KTVQ: Tester hosts Billings town hall on veterans’ healthcare
Improving healthcare of veterans was the subject of a town hall meeting in Billings Friday as Montana U.S. Sen. Jon Tester hosted the VA Under Secretary for Health, Dr. Shereef Elnahal.
Elnahal talked about the need to increase staffing and improve systems so that veterans can stay closer to home for care.
“The process that we have for hiring is too long. The dependency that we have on other agencies and some of the other regulations and rules need to be changed to make it easier to onboard people,” said Elnahal. “We have a legislative proposal to relieve us of the $400,000 aggregate pay cap for physicians, especially in rural areas where it is harder to recruit and bring folks into those areas. That’s just one of many examples where we can help rural Montanans and the vets here in this state.”
Elnahal also talked about the need for more staff in community care offices and ways that wait times for appointments can be improved.
“It’s an issue with our processes and systems. We have to do better on that both from a policy standpoint but also just to think more about the user at the end, the employee at the end, who is in front of that veteran and the things we can actually do to design so that they can serve that veteran,” he said.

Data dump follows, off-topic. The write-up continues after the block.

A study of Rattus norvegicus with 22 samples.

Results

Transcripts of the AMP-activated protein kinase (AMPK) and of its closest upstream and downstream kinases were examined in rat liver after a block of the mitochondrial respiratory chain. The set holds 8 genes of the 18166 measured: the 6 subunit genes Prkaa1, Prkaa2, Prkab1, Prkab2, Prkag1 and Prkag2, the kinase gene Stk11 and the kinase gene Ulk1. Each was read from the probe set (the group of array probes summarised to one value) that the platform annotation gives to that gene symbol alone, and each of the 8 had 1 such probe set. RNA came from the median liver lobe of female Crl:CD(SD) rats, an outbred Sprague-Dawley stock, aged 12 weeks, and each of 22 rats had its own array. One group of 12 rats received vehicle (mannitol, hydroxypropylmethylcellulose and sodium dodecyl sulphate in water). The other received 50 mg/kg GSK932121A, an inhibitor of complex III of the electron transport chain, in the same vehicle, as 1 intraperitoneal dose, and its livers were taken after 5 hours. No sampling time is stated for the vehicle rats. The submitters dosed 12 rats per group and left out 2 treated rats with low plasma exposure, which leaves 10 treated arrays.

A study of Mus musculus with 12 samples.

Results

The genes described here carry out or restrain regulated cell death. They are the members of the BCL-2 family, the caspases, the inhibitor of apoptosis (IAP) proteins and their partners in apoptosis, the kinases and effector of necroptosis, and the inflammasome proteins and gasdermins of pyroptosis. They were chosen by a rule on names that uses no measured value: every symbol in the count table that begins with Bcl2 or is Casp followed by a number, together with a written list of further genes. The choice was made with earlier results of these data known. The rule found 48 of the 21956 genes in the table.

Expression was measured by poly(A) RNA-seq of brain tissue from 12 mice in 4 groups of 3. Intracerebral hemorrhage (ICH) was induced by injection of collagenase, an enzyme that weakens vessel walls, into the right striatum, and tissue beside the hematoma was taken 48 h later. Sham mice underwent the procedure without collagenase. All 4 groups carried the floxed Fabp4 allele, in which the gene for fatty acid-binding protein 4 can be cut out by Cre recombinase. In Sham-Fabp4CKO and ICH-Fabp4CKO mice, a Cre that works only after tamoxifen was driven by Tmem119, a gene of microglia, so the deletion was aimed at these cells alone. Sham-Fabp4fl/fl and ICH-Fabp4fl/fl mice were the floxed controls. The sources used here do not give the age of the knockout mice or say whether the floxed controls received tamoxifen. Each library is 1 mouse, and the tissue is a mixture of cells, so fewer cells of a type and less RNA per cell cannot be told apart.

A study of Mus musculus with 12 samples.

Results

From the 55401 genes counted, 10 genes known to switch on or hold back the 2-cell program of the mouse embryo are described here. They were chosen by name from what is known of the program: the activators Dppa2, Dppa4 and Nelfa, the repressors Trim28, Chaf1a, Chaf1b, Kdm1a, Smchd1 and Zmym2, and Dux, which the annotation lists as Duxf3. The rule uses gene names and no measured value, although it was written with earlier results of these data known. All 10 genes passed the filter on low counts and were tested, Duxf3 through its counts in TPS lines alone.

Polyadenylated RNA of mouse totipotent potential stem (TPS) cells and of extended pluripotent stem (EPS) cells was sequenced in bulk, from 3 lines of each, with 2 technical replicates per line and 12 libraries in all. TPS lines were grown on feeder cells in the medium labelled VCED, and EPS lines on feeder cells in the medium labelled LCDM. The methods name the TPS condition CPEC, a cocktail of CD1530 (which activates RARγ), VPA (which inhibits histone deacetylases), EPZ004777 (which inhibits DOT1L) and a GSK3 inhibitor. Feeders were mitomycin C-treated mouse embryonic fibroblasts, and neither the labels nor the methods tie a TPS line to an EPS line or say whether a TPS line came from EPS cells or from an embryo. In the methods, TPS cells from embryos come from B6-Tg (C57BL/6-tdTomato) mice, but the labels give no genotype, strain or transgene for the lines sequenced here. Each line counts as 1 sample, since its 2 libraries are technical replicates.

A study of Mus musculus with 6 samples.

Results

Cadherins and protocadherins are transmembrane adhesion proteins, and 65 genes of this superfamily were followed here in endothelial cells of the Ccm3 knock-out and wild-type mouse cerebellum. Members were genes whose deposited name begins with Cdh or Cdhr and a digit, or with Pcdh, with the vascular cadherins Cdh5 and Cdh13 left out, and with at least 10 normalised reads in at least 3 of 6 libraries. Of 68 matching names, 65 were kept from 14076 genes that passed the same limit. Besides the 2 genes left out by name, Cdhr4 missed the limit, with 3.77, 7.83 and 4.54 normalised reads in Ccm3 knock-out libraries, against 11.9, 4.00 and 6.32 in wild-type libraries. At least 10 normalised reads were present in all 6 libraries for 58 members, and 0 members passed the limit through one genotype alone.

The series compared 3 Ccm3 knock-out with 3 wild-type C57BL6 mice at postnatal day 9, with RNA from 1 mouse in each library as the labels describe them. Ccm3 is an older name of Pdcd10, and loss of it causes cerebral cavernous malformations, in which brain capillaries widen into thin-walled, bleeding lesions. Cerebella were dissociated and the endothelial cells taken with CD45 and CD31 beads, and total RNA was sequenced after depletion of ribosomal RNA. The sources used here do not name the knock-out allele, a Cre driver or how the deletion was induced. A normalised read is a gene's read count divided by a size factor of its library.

Tester and Elnahal then headed to Miles City, where they were set to host another roundtable and visit with rural hospital administrators.
Tester, who is chairman of the Senate Veterans’ Affairs Committee, championed the PACT Act, which provides support to toxic-exposed veterans. He says its imperative that Congress comes together to pass the Omnibus Bill—which provides funding for the PACT Act and VA medical care as well as defense and non-defense spending.
“It is important that we get a bill that works for America. If we don’t then all this good legislation that we passed, whether it be Chips Act or the PACT act in the VA or the bipartisan Infrastructure bill, they don’t get funded at the level they need to be funded at. And on the defense side of things it puts out national security at risk,” he says.
Current government funding is set to expire next Friday, Dec. 16.